30 Things You May Want to Know About Bats


Bats (30 Things)

1.) Bats are the only mammals that could fly. Some mammals can glide however, but not fly.

2.) There are over 1’300 different bat species.

3.) Bats are nocturnal (sleep during the day, active at night)

4.) Bats ‘see’ in the dark using a special skill called echolocation. Bats make noises and wait for the sound waves to bounce back off objects (an echo), if it doesn’t bounce back then they can safely fly forward. They can tell the distance of various objects by how quickly the sound waves bounce back to them.

5.) Most bats feed on insects, while others eat fruit, fish or even blood!

6.) There are 3 species of vampire bats which feed solely on blood.

7.) None of those vampire bat species lives in the United States.

8.) Vampire bats have small and extremely sharp teeth which are capable of piercing an animal’s skin (humans included) without them even noticing.

9.) Vampire bats can carry rabies, making their bites potentially dangerous.

10.) Vampire do indeed drink blood, mainly from cattle and deer, but they don’t suck blood like the legends say, they actually make a V-shaped cut and then lick up the blood.

11.) Some bats live by themselves while others live in caves with thousands of other bats.

12.) Bats can live for over 20-30 years and can fly at speeds of up to 60 mph.

13.) Pteropus bats (also known as flying foxes or fruit bats) are the largest in the world.

14.) Bats are very important in helping controlling crop-destroying insects

15.) Many bats eat insects. Bats can eat up to 1,200 mosquitoes in an hour and often consume their body weight in insects every night, helping keep bug populations in check.

16.) Bats make about one-fifth of the mammal population on Earth.

17.) Bats are divided into two main types: megabats and microbats. Megabats (formally, bats in the Megachiroptera suborder) include flying foxes and Old World fruit bats. They tend to be larger than microbats (Microchiroptera suborder), but some microbats are actually larger than some megabats.

18.) Some species have wingspans of 5 to 6 feet (1.5 to 1.8 meters) and weigh up to 2.2 lbs. (998 grams).

19.) One of the smallest megabats, the long-tongued fruit bat (Macroglossus minimus), has a wingspan of only 10 inches (25.4 centimeters).

20.) Among microbats, the largest species is the false vampire or spectral bat (Vampyrum spectrum) with a wingspan of up to 40 inches (1 meter). It weighs 5 to 6.7 ounces (145 to 190 g).

21.) The smallest bat is the bumblebee bat, it grows to only about 1.25 inches long (3 cm) and weighs about 2 grams (0.07 ounces).

22.) Bats live all over the world, except for some islands, and the Arctic and Antarctica.

23.) They mostly prefer warmer areas that are closer to the equator, and they can be found in rain forests, mountains, farmland, woods and cities.

24.) Bats have two strategies for weathering the cold. Some migrate to warmer areas, while others go into torpor. In this short-term form of hibernation, a bat reduces its metabolic rate, lowers its body temperature, and slows its breathing and heart rate.

25.) Bats roost in trees, caves, mines and barns — anyplace that provides shelter from the weather, protection from predators and seclusion for rearing the animals’ young.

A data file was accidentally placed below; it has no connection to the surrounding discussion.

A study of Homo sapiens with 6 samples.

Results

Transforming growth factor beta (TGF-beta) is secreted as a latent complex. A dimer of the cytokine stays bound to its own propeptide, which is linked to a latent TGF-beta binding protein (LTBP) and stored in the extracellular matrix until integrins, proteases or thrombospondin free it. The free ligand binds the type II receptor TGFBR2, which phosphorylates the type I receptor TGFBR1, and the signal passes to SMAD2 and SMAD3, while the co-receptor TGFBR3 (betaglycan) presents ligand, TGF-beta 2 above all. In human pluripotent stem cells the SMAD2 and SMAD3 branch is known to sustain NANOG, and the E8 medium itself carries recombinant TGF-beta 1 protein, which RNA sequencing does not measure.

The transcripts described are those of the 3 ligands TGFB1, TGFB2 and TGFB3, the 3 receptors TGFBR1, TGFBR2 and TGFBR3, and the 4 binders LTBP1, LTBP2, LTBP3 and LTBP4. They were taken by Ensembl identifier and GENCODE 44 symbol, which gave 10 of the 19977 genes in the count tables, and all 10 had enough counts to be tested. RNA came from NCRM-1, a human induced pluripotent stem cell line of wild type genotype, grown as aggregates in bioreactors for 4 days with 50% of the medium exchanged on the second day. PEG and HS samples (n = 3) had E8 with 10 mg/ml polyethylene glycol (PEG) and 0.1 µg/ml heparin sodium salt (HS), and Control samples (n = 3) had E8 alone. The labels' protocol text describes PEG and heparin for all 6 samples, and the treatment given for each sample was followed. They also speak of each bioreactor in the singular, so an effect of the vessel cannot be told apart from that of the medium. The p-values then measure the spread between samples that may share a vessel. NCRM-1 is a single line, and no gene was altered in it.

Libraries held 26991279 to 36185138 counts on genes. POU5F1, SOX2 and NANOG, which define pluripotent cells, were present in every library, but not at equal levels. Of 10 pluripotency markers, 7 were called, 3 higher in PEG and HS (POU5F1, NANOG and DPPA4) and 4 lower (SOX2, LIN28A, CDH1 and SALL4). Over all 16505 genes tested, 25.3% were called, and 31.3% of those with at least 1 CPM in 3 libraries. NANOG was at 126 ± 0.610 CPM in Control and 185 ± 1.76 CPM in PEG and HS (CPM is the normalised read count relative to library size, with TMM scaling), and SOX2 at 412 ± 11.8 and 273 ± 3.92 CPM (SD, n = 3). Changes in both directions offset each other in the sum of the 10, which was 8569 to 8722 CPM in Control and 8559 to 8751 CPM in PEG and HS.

26.) Bats live together in groups called colonies, which contain 100 to 1,000 bats.

27.) Other bats eat fruit or nectar and can play an important role as pollinators.

28.) More than half of the bat species in the United States are in severe decline or listed as endangered. In addition to loss of habitat, one of the most dire threat comes from white nose syndrome, a disease that has decimated bats in the U.S. and Canada.

29.) Bat droppings, called guano, are one of the richest fertilizers. Bat guano was once a big business. Guano was Texas’s largest mineral export before oil!

30.) Austin is a seasonal home to North America’s largest urban population of Mexican free-tailed bats, which live beneath the Congress Avenue Bridge. Approximately 1.5 million bats reside there!

Sources:
http://www.livescience.com/28272-bats.html
http://www.sciencekids.co.nz/sciencefacts/animals/bat.html
http://www.nature.org/ourinitiatives/regions/northamerica/unitedstates/arizona/top-10-bat-facts.xml



By |2017-02-22T13:17:57+00:00October 27th, 2015|30 Things You May Want to Know|6 Comments

6 Comments

  1. Lauren October 28, 2015 at 10:20 am - Reply

    Well, I’m spooked. So thankful for #7. #12 and #18 make my skin crawl which means I should consider moving to someplace like in #22, except I would be too cold. lol! Thanks for the lesson. I really did enjoy it. :)

    Found you via Women with Intention

    • Latisha Barker October 28, 2015 at 11:24 am - Reply

      Hi Lauren,

      Lol. I agree on all counts. Thank God, I never had any up close encounters with bats. Glad you enjoyed reading. Blessings to you.

  2. Tianna October 28, 2015 at 2:02 pm - Reply

    creepy about the vampire bats lol! Thank goodness they are not in N.America! They’re so cute though ahha

  3. Bonnie Lyn Smith October 29, 2015 at 10:20 am - Reply

    Oh my goodness, my 9 year old LOVES bats. Going to print this out for him. Pinning!

  4. misty October 31, 2015 at 10:28 pm - Reply

    Last year while visiting the hill country here is Texas, we took a pit stop at a bat cave just before dusk and waited as about 50,000 bats flew out for the evening. That may be the last time I visit that cave.. or any other ;) I did learn that they harvest their “droppings” and use it in some make up. lol.. yup. Have a wonderful weekend. Misty.

  5. Mother of 3 October 29, 2016 at 7:50 am - Reply

    I’m always half fascinated by bats and half freaked out about them. Something about their skin- like wings really creeps me out.